Physician, (1832 - 1919)

She was a physician in the Civil War. The Congressional Medal of Honor was given to her in 1865 and then rescinded in 1917, possibly in her case because she became a suffragette but at the same time some 1000 Medals of Honor were rescinded in an effort to "increase the prestige of the grant." She refused to actually return the medal and wore it all her life.

In 1977 the U.S. Congress reinstated the medal (posthumously, of course). She is the only woman from the Civil War (and still possibly the only woman) to receive the Congressional Medal of Honor. Her name appears on a plaque in the Pentagon.

Her commendation for the medal reads

Whereas it appears from official reports that Dr. Mary E. Walker, a graduate of medicine, "has rendered valuable service to the government, and her efforts have been earnest and untiring in a variety of ways," and that she was assigned to duty and served as an assistant surgeon in charge of female prisoners at Louisville, KY., under the recommendation of Major-Generals Sherman and Thomas, and faithfully served as contract surgeon in the service of the United states, and has devoted herself with much patriotic zeal to the sick and wounded soldiers, both in the field and hospitals, to the detriment of her own health, and has endured hardships as a prisoner of war four months in a southern prison while acting as contract surgeon; and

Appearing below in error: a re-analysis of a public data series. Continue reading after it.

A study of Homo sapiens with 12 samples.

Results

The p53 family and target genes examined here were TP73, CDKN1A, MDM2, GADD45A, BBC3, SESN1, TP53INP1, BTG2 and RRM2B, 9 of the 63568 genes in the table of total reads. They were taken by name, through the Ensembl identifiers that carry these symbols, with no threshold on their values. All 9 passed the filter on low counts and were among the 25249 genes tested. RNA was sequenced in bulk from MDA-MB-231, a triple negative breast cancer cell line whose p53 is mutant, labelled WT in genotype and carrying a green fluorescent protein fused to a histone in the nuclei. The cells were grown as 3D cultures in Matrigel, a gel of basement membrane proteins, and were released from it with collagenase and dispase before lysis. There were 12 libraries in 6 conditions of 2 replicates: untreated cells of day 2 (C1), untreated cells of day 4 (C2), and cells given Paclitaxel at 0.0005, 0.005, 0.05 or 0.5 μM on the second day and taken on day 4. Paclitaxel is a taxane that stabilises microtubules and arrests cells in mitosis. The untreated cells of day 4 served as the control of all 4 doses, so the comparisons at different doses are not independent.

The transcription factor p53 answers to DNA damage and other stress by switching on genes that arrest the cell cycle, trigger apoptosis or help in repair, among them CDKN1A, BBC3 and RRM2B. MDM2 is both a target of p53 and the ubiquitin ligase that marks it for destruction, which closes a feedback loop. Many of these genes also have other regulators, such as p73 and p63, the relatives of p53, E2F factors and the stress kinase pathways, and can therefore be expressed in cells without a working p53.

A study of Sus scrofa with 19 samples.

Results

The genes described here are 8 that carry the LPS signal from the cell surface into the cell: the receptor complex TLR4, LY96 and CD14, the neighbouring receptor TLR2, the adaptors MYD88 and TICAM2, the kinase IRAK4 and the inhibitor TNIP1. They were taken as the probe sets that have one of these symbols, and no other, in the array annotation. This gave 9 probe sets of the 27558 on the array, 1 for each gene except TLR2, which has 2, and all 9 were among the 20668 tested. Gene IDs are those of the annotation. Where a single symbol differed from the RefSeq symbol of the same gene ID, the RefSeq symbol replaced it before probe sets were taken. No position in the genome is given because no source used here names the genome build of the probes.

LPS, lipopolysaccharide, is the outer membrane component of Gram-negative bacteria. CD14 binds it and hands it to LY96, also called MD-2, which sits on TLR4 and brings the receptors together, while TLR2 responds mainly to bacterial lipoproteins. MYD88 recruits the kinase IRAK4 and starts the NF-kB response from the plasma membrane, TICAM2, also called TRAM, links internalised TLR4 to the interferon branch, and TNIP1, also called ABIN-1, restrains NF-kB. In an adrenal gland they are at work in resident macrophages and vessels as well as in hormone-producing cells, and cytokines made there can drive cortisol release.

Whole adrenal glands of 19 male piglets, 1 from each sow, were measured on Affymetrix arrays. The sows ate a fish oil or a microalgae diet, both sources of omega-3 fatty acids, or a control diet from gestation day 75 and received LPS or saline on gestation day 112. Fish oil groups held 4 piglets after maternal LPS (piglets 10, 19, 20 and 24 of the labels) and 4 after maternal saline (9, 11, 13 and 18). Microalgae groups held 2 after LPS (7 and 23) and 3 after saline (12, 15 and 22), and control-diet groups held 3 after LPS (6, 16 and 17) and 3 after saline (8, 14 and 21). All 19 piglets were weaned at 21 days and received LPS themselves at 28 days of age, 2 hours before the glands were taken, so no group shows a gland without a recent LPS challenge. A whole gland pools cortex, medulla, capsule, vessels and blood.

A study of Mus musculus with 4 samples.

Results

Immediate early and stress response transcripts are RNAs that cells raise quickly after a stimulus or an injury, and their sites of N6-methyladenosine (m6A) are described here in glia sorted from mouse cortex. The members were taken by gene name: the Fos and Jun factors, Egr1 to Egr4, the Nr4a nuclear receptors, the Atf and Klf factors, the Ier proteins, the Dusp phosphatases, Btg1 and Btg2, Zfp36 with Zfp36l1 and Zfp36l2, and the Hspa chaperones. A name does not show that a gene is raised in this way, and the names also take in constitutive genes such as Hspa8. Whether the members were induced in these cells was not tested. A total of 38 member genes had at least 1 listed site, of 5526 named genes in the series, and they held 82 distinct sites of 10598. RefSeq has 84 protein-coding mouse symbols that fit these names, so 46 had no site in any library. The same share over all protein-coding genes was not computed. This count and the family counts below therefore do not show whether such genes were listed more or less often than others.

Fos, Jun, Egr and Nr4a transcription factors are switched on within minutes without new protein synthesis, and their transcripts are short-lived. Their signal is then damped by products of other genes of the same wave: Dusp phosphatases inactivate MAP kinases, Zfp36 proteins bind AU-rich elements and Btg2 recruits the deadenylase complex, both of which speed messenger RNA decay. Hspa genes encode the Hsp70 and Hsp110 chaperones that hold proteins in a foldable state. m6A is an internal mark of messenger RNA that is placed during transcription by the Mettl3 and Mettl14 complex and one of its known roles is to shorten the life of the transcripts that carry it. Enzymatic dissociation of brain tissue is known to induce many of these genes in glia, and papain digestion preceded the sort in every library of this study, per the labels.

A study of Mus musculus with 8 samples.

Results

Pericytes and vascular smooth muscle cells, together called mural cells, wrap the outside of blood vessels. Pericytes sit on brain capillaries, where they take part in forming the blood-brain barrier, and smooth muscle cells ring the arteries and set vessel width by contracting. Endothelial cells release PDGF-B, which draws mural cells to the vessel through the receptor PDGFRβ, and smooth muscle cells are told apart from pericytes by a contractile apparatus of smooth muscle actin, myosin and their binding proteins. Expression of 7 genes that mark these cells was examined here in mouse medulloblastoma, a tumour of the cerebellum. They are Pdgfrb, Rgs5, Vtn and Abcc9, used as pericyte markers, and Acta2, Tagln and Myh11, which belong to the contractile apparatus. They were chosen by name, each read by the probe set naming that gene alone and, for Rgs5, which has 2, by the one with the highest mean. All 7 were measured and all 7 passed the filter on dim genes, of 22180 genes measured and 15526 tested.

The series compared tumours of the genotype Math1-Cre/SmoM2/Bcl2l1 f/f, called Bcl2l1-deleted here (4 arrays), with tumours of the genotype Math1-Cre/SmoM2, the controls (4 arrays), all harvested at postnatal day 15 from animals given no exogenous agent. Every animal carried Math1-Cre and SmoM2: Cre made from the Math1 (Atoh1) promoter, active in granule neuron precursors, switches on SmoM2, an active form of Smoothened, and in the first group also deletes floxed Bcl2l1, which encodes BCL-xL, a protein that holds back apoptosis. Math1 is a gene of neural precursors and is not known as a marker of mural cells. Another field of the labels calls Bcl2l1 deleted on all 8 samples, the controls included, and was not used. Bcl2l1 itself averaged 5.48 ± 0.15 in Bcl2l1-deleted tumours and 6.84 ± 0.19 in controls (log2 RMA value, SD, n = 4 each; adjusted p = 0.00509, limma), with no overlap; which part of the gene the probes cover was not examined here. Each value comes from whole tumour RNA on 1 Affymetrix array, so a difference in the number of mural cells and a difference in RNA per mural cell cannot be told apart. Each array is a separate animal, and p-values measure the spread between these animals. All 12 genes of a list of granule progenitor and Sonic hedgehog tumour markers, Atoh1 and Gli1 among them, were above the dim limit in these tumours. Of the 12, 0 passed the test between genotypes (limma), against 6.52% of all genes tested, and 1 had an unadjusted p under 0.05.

Whereas by reason of her not being a commissioned officer in the military service a brevet or honorary rank can not, under existing laws, be conferred upon her; and

Whereas in the opinion of the President an honorable recognition of her services and suffers should be made;

It is Ordered. That a testimonial thereof shall be hereby made and given to the said Dr. Mary E. Walker, and that the usual medal of honor for meritorious services be given her.

Given under my hand in the city of Washington, D. C. this 11th day of November, A.D. 1865.

  • Andrew Johnson, President

  • By the President:
  • Edwin M. Stanton, Secretary of War

    She lived a life of determined unconventionality; being a bloomerite from her younger years, she preferred to dress in pants. Later on in life, still practicing medicine, she could be seen wearing men's top hats and top coats as well as pants.

    A biography on her can be found in "Dr. Mary Walker - The Little Lady in Pants" by Charles M. Snyder, 1974, New York: Arno Press.